I have a problem. I am addicted to the latest food trend. While I sneer at those who change their wardrobes twice a year to match the latest from London, Milan and Paris, I follow religiously the "next big thing" in food. I scour blogs, queue for hours and talk incessantly to anyone who will listen about where I want to go next.
I heard about the revolution Jeremy Lee (formerly of the Blueprint Cafe at the Design Museum) was leading at Quo Vadis through the usual sources. The blogs, the twitterosphere, reviews in the paper (Jay Rayner's is excellent). But this is not my usual kind of place. There is nothing new-fangled, secret or trendy about this place. It is far more grown up than that. And do you know what, I loved it.
You step through the door and are warmly welcomed by (at least two) staff who guide you to your seat. The restaurant is all white linen tablecloths - often an indication that a place has spent more on their laundry bills than the food - but not here.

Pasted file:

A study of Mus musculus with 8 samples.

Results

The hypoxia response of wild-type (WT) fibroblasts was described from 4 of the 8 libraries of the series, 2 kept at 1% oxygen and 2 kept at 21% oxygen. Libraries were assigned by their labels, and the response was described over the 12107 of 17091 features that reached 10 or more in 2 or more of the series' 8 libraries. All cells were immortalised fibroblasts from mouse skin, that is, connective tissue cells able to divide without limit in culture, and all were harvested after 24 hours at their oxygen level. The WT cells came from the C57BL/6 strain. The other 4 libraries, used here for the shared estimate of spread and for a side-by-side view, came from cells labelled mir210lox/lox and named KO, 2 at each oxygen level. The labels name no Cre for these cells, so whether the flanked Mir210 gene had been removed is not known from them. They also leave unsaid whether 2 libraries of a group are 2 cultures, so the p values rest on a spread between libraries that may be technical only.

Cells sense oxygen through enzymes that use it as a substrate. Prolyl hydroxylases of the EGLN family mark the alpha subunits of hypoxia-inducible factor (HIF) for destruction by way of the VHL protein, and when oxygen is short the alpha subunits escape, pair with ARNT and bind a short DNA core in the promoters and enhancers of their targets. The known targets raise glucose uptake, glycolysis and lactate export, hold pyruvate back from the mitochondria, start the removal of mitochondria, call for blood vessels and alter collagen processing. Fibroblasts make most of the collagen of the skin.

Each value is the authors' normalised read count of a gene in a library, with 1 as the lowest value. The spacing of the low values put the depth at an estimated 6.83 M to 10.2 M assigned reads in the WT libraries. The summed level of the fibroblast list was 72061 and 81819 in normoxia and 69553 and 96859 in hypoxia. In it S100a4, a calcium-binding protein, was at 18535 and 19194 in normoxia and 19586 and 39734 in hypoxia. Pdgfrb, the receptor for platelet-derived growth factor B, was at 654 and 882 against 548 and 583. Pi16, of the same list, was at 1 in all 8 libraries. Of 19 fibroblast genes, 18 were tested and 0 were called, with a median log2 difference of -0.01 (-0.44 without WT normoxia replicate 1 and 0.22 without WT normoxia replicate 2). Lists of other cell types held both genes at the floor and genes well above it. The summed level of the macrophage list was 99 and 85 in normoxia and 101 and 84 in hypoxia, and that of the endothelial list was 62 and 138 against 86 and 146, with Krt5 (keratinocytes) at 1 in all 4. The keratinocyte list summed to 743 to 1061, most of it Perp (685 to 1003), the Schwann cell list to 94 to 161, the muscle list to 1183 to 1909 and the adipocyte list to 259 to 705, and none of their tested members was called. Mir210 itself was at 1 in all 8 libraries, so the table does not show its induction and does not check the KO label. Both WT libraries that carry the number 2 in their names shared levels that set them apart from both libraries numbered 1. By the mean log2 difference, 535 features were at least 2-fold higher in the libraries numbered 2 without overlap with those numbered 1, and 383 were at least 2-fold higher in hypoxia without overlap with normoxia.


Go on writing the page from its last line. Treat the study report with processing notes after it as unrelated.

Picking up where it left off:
Previously the prices had been so daunting (150 for a rather average lunch, apparently) that I had not been tempted. But since Jeremy Lee has taken over the kitchen, the prices have come down to a much more manageable 5-7 for starters 10-20 for mains.
I kicked off with the pork terrine. Moist and well seasoned, this was delicious although the cornichons did seem somewhat of an afterthought.
For main I went for the ox liver, sage and onions - for some reason the challenge of offal and weird and wonderful cuts of meat always appeals to me, much to the Fashionista's concern - duck's tongue anyone? This time, however, I was on the money. Tender, rich and moist liver with sweet onions - this dish was an absolute joy. Glad we ordered some greens on the side though.
My companions for the evening had the squid and wild garlic to start (very nice apparently), the skate, black butter (a traditional preserve made from apples) and capers - a well balanced dish, cooked well, and the roast sirloin with (fiery) horseradish sauce - nice beef and the sauce hit you like only horseradish can!
All in with a nice bottle of burgundy it worked out about 50 per head - not cheap, but a darn sight better value than a lot of other places I have been while chasing after the "latest thing". And so we went off into the night (or rather to the bar at St John's Hotel for an Old Fashioned - they do them very well), bellys full and satisfied. There was no fanfare, nobody commented on the novel use of "sous-vide" cooking - there was no need to, this was just really good food, cooked in a traditional way, expertly.